Can a Husband & wife file for a divorce without going thru a lawyer. can you just Buy the legal paper work on line & what is the best & cheapest way to go about it?
The answer to your question is Yes. It is precisely the uncontested divorce, where you’d want to do-it-yourself. And Yes, you can get a forms kit online, also from your county law library and/or the family court, or their web sites. Here is the link to Legal.com’s Legal Forms.
Legal.com offers family law (divorce, custody and support, as well as pre- and post-nuptial and divorce settlement agreements) forms that you can purchase online and download as Word documents, to fill out on your computer and print. Nice thing about our legal forms is, they are also organized by state, so you’re not trying to use an Arizona form in New Hampshire.
We also have information and resources about dissolution of marriage.
By way of short history, do-it-yourself divorce was where the legal self-help movement started back in the early 70’s. The “original” Nolo Press was founded by Ed Sherman, who wrote How to Do Your Own Divorce in California. In those days, people thought it was crazy to handle your own divorce case. State Bar associations tried to quash the movement with lawsuits spanning two decades. Sometime during all this, Nolo split into two. The original Nolo Press is now Nolo Occidental in Santa Cruz, CA. The “big” Nolo Press is in Berkely, CA. Legal.com carries a nice selection of self-help divorce books including the original published by Nolo-Occidental.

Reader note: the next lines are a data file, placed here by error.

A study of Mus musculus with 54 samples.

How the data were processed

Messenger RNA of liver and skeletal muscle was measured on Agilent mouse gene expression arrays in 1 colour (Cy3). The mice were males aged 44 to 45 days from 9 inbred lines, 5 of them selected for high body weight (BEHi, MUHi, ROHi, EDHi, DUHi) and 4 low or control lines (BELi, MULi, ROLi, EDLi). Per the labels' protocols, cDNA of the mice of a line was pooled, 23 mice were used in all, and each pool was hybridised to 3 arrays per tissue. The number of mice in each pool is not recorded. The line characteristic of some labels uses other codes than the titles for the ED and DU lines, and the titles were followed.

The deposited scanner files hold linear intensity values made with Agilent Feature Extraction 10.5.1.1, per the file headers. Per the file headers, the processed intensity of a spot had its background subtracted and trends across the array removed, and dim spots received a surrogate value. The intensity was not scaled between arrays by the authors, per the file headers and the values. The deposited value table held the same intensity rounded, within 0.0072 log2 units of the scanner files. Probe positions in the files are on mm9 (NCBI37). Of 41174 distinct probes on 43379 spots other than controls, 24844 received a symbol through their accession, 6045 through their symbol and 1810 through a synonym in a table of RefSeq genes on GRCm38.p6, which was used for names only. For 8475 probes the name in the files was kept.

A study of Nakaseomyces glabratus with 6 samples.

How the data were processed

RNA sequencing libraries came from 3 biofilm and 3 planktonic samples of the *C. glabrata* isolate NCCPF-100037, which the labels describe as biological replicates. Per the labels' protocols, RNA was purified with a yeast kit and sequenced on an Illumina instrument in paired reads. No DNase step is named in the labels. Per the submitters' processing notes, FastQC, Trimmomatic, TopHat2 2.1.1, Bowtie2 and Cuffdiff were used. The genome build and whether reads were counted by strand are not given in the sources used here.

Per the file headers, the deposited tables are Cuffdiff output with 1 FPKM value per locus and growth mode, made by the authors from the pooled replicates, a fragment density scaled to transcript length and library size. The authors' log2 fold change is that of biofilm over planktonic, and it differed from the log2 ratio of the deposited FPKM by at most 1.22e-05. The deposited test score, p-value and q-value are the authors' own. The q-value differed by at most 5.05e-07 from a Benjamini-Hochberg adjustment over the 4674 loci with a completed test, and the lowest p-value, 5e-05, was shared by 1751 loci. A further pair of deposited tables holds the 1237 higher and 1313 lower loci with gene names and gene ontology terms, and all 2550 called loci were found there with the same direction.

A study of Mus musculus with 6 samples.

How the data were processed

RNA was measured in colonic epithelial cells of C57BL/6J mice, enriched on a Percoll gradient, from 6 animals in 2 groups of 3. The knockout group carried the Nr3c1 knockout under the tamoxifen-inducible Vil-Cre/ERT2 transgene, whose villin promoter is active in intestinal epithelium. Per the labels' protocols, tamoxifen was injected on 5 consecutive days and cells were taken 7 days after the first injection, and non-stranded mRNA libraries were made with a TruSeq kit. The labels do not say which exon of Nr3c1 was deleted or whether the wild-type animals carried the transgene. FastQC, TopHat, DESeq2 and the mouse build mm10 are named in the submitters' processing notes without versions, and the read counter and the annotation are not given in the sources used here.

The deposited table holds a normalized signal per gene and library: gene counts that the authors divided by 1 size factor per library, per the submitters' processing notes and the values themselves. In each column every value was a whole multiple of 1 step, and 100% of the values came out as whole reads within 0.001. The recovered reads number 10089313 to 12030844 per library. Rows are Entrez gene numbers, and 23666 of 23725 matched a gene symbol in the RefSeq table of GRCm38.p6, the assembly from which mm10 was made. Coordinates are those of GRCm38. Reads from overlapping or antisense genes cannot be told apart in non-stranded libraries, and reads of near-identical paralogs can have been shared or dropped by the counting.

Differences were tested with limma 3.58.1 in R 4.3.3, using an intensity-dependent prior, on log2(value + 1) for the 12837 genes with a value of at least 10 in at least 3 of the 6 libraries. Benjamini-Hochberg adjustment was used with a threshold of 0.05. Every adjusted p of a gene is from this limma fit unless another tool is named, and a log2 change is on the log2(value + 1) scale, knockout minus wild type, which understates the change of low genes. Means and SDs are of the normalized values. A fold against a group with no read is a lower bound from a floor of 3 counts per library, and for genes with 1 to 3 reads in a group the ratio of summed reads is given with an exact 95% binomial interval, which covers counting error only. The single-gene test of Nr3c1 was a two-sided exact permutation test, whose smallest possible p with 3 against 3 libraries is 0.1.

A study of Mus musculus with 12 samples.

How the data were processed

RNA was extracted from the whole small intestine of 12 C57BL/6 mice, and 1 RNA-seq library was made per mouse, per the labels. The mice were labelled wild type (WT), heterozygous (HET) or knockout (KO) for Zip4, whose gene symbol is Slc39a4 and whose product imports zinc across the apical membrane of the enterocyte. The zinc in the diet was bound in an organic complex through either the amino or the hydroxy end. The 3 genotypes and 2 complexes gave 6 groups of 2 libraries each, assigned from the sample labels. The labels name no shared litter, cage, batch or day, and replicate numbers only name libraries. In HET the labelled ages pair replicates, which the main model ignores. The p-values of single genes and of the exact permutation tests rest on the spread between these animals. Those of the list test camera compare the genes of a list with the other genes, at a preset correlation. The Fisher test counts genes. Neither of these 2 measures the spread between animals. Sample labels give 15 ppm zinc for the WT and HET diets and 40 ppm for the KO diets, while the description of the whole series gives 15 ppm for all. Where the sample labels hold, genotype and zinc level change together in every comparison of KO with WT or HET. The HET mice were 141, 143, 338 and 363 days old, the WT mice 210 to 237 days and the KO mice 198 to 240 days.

I’ll leave you with a general piece of advice: If your divorce involves debt, consider filing a single bankruptcy case (as a married couple) to wipe out the debt. That’s a lot cheaper, in money and emotional toll, than fighting in family court over who’s going to be stuck with the debt. Divorce is right up there with illness, loss of employment and business failure as an appropriate reason to file bankruptcy.
Alden Law Group
Aviation & Business
Legal.com, Inc. This response reflects the author’s opinion. It has been published
for educational use only. It is not legal advice. No attorney-client
relationship has been formed by this posting.